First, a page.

Is it safe to treat around waterways? I live on a canal and also have a small pond on one side of my home. My land is relatively flat but I don’t want to contaminate anything. What do you suggest? I can’t find anything specific dealing with this but I know I shouldn’t spray into the water.
Pesticides can be safely used around water like ponds, rivers and lakes. There are some guidelines to follow when making treatments in these areas which I will list below. And you are dead on in that most labels don’t have enough information about treating these sensitive areas. If the user wasn’t conscious of the water they could easily do a misapplication. To avoid this on your land, follow these guidelines:
1) Be sure to leave a buffer zone of untreated area (land) between the water and your main yard. There is no exact amount to leave but we feel 10 feet is ample space. The 10 foot rule is commonly used when treating around homes and there is an active well line or housing topside. Staying at least 10 feet clear of the well is an acceptable distance and we feel this applies to water ways as well. With this amount of untreated area you should have enough of a run off zone for land inclinations of 20 degrees or less. For really steep land zones, this buffer zone should be more.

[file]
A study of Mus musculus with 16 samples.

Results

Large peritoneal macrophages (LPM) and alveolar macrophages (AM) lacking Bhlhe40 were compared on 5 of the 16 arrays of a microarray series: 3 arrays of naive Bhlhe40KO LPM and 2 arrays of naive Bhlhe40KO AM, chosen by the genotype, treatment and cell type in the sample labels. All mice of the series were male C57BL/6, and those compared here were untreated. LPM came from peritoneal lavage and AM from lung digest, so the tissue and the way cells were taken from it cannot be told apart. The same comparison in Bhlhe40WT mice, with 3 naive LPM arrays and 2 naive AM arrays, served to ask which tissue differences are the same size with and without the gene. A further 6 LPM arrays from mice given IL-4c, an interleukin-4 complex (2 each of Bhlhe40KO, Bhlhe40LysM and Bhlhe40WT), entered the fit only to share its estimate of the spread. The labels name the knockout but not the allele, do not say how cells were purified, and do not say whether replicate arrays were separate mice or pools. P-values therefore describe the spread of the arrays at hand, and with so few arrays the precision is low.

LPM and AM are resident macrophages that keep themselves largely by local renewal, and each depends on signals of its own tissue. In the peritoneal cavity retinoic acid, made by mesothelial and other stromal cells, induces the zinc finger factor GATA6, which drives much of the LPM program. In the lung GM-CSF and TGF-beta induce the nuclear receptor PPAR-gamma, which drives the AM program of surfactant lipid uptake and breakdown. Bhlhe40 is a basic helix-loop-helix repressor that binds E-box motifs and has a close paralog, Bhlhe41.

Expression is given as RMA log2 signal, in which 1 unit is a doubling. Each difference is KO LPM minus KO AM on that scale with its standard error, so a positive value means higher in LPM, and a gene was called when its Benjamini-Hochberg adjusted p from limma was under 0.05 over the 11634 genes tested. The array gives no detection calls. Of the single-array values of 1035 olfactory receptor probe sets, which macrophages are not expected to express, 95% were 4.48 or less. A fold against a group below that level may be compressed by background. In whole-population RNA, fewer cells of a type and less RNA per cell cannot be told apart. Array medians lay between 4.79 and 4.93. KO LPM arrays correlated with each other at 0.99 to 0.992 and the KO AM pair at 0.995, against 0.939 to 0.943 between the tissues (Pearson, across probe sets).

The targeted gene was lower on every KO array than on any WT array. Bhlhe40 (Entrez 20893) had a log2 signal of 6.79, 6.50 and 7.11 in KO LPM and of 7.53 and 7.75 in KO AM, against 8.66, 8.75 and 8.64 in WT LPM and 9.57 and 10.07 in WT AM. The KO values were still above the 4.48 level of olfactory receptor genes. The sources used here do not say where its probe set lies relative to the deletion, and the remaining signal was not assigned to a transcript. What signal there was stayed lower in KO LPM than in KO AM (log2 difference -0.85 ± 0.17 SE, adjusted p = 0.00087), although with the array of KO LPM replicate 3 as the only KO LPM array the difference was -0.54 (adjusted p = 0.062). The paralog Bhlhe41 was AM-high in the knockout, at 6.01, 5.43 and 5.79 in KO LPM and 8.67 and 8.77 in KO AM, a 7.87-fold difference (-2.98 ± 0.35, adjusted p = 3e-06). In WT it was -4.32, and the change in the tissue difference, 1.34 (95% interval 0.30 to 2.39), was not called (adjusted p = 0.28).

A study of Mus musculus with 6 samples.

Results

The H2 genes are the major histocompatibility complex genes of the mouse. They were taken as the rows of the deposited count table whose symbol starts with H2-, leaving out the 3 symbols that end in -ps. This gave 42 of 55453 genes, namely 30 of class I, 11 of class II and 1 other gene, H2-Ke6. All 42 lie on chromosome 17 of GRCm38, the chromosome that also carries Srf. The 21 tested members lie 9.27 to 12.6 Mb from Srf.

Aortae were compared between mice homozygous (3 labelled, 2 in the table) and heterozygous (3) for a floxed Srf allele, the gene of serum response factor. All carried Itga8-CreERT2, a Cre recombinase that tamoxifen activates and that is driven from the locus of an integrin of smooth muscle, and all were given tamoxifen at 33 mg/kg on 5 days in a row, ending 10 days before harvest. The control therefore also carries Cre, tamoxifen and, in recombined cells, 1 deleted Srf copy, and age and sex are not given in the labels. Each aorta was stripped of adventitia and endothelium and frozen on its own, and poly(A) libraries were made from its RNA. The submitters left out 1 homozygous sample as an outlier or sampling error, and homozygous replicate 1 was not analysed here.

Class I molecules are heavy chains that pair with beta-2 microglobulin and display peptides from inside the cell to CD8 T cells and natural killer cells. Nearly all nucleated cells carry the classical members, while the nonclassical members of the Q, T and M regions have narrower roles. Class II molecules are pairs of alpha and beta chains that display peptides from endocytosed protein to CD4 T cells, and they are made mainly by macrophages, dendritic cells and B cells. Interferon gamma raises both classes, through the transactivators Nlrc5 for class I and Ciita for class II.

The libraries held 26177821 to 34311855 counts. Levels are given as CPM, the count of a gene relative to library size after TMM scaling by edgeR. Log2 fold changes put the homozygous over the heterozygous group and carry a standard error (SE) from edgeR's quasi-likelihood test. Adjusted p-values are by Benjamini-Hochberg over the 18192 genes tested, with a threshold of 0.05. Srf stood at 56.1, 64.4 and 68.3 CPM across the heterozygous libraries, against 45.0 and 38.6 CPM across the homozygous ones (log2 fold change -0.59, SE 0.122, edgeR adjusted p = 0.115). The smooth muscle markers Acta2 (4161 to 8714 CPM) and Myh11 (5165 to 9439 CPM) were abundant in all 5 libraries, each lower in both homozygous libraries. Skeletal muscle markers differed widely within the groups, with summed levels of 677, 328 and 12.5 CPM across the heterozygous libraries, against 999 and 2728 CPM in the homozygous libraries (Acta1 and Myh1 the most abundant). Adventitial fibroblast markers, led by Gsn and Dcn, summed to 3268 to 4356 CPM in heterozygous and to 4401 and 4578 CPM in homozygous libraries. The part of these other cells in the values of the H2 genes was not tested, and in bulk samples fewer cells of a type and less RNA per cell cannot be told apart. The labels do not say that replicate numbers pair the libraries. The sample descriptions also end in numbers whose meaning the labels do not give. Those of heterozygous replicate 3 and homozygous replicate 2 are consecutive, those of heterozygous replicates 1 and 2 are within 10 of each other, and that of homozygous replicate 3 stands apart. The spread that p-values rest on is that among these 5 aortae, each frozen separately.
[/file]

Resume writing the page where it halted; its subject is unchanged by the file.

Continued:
2) Make your treatments when there is no rain in the forecast for at least 1-2 hours. Ideally you shouldn’t treat if rain is expected that day. This will give the product plenty of time to dry and lock in which further reduces the chance of translocation.
3) Don’t spray during high winds. At these times there is a chance of wind drift which could cause product to end up in the wrong place.
Lastly, remember the end product you are spraying will be very mild and weak. Pesticides these days are mixed down dramatically. In other words, most of the products we have are only .5% or less active at the nozzle once mixed which means you’re essentially spraying 99.5% water. Immediately following the treatment this very little amount of active will be negatively affected by the sun and other weather conditions making it weaker still. Combine this with the impact of “dirt filtering” during runoff and the end result is there is little chance of some making it to the water if you follow these guidelines.